Jennifer Moodley is a public health medicine physician and Director of the Cancer Research Initiative in the Faculty of Health Sciences, University of Cape Town. She has extensive experience in health systems research, epidemiology and public policy development. Jennifer has first-hand experience of the challenges experienced in providing health care in resource-constrained environments.
Fiona Walter is a primary care doctor (specialist family physician) and leads the Primary Care Cancer Research group at the University of Cambridge’s Department of Public Health and Primary Care. Her research focuses on timely detection and diagnosis of cancer. She co-leads the Cancer Research UK-funded international CanTest Collaborative, spearheading new approaches to cancer diagnostics, and developing training opportunities for future leaders of community-based cancer research.
- Suzanne E Scott, Kings College London
- Amos D Mwaka, University of Makerere
- Deborah Constant, University of Cape Town
- Jennifer Githaiga, University of Cape Town
- Jane Harries, University of Cape Town
- Lydia Cairncross, University of Cape Town and Groote Schuur Hospital
- Nontuthuzelo IM Somdyala, Sount African Medical Research Council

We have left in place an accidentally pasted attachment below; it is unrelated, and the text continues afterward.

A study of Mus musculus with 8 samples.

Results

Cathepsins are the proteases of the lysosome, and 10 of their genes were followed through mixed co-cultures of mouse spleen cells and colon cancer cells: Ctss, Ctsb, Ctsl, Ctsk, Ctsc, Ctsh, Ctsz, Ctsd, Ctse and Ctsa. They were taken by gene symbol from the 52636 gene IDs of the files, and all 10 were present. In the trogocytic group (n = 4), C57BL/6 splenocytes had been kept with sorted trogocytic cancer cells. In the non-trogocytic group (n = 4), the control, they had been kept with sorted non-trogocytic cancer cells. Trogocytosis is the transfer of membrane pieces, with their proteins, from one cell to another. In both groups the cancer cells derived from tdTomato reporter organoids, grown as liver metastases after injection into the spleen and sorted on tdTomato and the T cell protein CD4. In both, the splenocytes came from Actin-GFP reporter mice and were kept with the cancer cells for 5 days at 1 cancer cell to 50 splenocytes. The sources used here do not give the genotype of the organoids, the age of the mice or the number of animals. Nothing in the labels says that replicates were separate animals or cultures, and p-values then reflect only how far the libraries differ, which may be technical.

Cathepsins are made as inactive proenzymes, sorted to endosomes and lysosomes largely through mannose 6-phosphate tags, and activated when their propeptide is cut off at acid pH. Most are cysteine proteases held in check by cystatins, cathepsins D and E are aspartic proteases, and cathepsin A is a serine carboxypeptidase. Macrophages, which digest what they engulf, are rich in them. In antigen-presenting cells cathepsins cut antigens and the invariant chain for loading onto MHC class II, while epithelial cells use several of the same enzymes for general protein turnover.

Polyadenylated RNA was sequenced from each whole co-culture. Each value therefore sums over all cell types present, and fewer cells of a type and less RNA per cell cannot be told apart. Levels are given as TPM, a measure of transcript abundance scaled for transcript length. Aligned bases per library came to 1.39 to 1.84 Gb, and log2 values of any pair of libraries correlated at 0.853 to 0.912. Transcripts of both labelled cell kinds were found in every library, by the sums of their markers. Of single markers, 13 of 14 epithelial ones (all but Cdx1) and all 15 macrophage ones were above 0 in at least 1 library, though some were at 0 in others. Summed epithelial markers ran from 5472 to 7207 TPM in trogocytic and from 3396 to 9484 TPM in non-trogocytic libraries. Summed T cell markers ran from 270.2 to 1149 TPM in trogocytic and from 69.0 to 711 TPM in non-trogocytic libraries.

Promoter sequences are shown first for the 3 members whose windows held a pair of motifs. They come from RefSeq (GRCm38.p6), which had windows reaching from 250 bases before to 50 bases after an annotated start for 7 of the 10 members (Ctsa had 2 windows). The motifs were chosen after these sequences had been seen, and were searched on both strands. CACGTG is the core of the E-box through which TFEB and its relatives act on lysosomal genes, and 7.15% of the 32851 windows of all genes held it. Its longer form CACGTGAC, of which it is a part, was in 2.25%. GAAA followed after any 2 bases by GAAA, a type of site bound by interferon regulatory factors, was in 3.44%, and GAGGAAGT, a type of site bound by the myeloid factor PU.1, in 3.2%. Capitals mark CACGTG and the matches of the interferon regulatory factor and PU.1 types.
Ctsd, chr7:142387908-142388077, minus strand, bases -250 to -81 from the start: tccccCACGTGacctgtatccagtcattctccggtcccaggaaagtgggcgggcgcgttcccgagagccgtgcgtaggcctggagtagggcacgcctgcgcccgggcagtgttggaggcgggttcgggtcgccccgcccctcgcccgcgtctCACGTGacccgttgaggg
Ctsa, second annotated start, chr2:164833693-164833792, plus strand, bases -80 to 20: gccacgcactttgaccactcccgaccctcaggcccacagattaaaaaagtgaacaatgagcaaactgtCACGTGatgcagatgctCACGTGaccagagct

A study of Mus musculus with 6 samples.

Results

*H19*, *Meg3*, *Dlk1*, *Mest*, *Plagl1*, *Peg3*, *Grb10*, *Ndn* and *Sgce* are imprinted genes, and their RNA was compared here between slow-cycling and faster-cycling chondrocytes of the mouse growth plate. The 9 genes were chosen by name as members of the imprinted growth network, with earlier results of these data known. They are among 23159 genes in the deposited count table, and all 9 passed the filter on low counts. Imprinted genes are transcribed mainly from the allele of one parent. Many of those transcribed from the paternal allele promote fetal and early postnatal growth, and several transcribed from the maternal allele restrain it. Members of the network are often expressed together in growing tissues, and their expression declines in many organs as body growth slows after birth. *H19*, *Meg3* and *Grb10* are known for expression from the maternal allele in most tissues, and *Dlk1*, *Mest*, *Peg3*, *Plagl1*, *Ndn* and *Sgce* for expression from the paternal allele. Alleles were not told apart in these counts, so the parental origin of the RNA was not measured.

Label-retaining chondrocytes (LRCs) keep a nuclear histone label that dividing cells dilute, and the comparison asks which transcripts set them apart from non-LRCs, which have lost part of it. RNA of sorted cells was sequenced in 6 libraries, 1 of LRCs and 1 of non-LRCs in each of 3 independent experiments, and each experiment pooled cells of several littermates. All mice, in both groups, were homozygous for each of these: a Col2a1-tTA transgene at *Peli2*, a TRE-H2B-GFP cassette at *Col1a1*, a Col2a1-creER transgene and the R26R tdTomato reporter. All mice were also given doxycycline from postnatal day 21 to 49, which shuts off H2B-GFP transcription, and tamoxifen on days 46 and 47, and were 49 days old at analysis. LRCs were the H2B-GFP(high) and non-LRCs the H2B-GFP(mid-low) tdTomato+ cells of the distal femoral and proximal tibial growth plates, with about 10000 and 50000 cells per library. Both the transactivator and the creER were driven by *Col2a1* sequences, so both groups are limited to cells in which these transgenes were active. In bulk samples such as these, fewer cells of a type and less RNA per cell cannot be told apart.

- Henry Wabinga, University of Makerere
- Edina Sinanovic, University of Cape Town
- Jennifer Langoya, University of Makerere
- Rosemary Jacobs, UMTHA consultancy
- Fikile Mbuzi, St Elizabeth’s Hospital
- Tessa S Stewart, Universty of Cambridge
- Trish Muzenda, University of Cape Town
- Amanda Edwards, University of Cape Town
- Alexandra Payne, University of Cape Town
- Christabel Abewe, University of Cape Town
- Jackie Lalam, University of Makerere
- Adoch Winnie, University of Makerere
- Ocira Denis, University of Makerere
- Acan Jennifer, University of Makerere
This work has been funded by the Cancer Association of South Africa; the University of Cape Town, and the South African Medical Research Council with funds received from the South African National Department of Health, GlaxoSmithKline Africa Non-Communicable Disease Open Lab (via a supporting grant Project Number: 023), and with funds from the UK Government’s Newton fund.